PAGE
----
At two recent meetings, Sequim city councilors took up several topics, including a renewable energy ordinance, a road project on Blake Avenue and recruiting a transportation consultant for the transportation master plan update.
Public hearings on the city’s proposed update of the temporary sign ordinance and downtown plan continue at the 6 p.m. Monday, July 11, council meeting at Sequim Transit Center. More to come on council’s actions with these proposals at a later date.
Renewable energy ordinance on hold
A proposed renewable energy ordinance was put on hold by city councilors for further study. One of the council’s 2010 goals was to make the city an energy center and promote better energy efficiency. Staff was investigating requirements that at least 65 percent of lots in brand new single and multi-family residential developments conform to a solar-oriented lot to preserve the potential for solar energy use.
This means that new major subdivisions, binding site plans and planned unit developments would mostly need to orient their new structures within 40 degrees of a true east-west line for optimum sun exposure.
Planning Director Chris Hugo said the ordinance would not dictate building or structure placement, require use of solar panels, set height and shadow limits for vegetation or structures, or establish solar or view easements in or out of the development.
Existing structures and trees would not be affected by this proposal either.
The ordinance formerly had a shading aspect, which would restrict shading on neighboring properties but Hugo dropped it from the proposal.
Hugo said it seemed difficult to enforce and exceeded the capabilities of today’s staff.
Ultimately, councilors wanted more time for staff and members of the comprehensive plan steering committee to add more to the ordinance. The comprehensive plan is slated for a final update at the end of 2012.
Chip sealing Blake Avenue
Clallam County crews will work with the city again in an interagency agreement to place chip seal asphalt on North Blake Avenue from Washington Street to Fir Street.
Work tentatively runs the last two weeks of July.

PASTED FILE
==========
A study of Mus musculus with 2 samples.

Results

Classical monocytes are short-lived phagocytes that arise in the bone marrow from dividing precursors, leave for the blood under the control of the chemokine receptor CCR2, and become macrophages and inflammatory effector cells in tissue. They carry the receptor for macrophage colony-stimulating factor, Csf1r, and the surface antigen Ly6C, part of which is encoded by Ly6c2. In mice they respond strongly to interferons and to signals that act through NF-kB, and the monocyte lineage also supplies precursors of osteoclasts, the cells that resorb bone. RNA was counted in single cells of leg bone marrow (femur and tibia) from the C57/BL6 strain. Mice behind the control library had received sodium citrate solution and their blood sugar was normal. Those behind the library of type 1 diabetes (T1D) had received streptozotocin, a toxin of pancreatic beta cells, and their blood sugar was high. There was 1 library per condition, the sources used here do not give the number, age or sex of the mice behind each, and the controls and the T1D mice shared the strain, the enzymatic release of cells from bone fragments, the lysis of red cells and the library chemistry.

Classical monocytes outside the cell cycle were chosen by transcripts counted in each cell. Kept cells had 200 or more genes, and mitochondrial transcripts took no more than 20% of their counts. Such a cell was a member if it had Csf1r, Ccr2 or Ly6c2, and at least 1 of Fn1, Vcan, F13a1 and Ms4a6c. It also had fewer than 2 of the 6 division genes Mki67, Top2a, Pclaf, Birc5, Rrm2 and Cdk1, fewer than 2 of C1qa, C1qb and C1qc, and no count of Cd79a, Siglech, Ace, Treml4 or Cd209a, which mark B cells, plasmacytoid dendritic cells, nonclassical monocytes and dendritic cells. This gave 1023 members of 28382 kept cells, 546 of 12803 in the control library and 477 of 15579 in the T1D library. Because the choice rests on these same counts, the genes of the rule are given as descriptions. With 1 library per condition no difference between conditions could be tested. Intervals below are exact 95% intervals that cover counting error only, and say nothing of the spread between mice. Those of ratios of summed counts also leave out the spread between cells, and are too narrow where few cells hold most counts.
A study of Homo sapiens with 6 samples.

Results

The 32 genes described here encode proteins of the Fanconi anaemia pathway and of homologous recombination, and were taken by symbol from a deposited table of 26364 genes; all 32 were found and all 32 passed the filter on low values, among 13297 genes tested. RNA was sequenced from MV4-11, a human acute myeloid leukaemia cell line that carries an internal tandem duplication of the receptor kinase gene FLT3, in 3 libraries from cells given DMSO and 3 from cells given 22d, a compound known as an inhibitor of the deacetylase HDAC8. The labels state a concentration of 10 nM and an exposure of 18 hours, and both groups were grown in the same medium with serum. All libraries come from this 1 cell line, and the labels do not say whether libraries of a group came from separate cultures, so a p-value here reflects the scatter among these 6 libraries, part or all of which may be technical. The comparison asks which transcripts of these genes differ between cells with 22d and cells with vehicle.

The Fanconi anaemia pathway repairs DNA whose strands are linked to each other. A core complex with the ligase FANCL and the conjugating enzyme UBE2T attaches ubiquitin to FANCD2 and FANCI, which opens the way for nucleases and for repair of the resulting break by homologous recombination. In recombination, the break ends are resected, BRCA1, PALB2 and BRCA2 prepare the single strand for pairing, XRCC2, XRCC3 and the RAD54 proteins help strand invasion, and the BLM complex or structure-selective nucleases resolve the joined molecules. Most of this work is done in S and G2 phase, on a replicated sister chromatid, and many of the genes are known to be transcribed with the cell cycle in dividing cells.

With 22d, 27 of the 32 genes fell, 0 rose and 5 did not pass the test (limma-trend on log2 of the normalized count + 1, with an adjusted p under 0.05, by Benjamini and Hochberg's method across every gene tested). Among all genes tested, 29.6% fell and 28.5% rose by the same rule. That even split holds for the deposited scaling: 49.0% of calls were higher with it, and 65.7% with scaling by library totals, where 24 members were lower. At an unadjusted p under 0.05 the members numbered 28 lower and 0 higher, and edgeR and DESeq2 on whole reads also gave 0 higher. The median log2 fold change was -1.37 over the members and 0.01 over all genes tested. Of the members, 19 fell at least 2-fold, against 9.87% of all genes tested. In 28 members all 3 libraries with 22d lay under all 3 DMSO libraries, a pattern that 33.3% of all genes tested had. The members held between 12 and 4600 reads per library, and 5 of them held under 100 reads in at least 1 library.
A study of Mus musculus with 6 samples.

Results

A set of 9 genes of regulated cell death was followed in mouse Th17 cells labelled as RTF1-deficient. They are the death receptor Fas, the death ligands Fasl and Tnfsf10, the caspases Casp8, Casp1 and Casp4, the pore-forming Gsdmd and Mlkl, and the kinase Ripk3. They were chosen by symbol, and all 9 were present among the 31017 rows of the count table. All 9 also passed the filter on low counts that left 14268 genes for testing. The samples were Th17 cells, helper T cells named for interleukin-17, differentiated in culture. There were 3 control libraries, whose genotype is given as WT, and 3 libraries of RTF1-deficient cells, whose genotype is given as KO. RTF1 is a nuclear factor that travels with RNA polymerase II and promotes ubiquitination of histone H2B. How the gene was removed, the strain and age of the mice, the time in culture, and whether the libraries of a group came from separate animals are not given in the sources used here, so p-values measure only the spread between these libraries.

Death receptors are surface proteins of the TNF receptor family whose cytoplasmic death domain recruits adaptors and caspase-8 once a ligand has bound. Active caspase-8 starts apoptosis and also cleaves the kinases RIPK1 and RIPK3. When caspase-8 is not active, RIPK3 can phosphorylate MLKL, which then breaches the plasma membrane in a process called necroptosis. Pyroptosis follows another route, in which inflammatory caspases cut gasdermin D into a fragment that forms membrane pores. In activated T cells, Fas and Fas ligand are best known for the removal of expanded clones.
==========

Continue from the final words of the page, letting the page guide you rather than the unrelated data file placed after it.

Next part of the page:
Public Works Director Paul Haines said settlement in the area’s utility trenches caused an uneven roadbed and cracks. Repairs would make the area’s surface better for five to seven years before more significant maintenance is needed. The contract is budgeted for $115,000 with $57,500 from the Water Replacement Reserve and $57,500 from the Sewer Replacement Reserve. The two entities partnered on an overlay for River Road and a Grant Road extension to the River Road roundabout.
Haines said chip seals normally aren’t put into urban settings but because of the city’s limited dollars they’ll use chip sealing rather than an overlay.
“It’ll work, it’s sound and it’ll add a lot of life to the road,” Haines said.
Councilors voted 5-1 in favor of the contract on June 27 with Don Hall voting no because he wanted money designated for Fir Street repairs.
He said councilors have tried to get Fir Street repaired for at least eight years.
“I don’t understand why we’re not working on Fir Street between Brown and Fifth because I think that’s the worst street in the city,” Hall said.
Haines said he’s not sure a chip seal would add life to Fir.
“We’ve budgeted to look at all 54 miles of streets to figure out what kind of resurfacing and work needs to be done for streets to survive,” Haines said. “For that to be done right on Fir, we’re going to need more (money) than we have right now.”
Council approves consultant budget
The first step city council took toward the goal of rethinking transportation was approving up to $100,000 for a transportation consultant to help update the city’s 2006 Transportation Master Plan.
Haines said consultants in 2006 developed the plan at the height of Sequim’s growth, so they focused mostly on new road connections and roadway capacity for vehicles. The update would include more focus on pedestrian, bicycle and other transportation types.
“So with the comp plan being updated and density changing, transportation needs to be in line with land use, which comes first,” Haines told the Gazette.
City Manager Steve Burkett said the city is working on many required updates to plans but the comprehensive plan and transportation master plan must be done concurrently.
“The current plan is one to build on. It’s not one to start over,” Haines said.
“Many assumptions have to be changed because of the rate of growth and rethinking how you move people through town. Is it going to change congestion rate? Where do you put traffic signals? Priority of sidewalks?”
Some of the city staff’s recommendations for the consultant include creating “cross circulation” standards for local vehicle and pedestrian trips; encourage and accommodate transit stops and access citywide; improve safety of school routes and park areas; develop and adopt a pedestrian and bicycle system master and action plan; and update impact fees to support the transportation master plan’s identified priorities.
The council will split the costs 70/30 over two years with the Transportation Benefit District. City monies will come from real estate excise tax dollars.
Citizen members of the City of Sequim’s comprehensive plan update still are needed. If interested, contact the City of Sequim, 152 W. Cedar St., at 683-4139.
Reach Matthew Nash at email@example.com.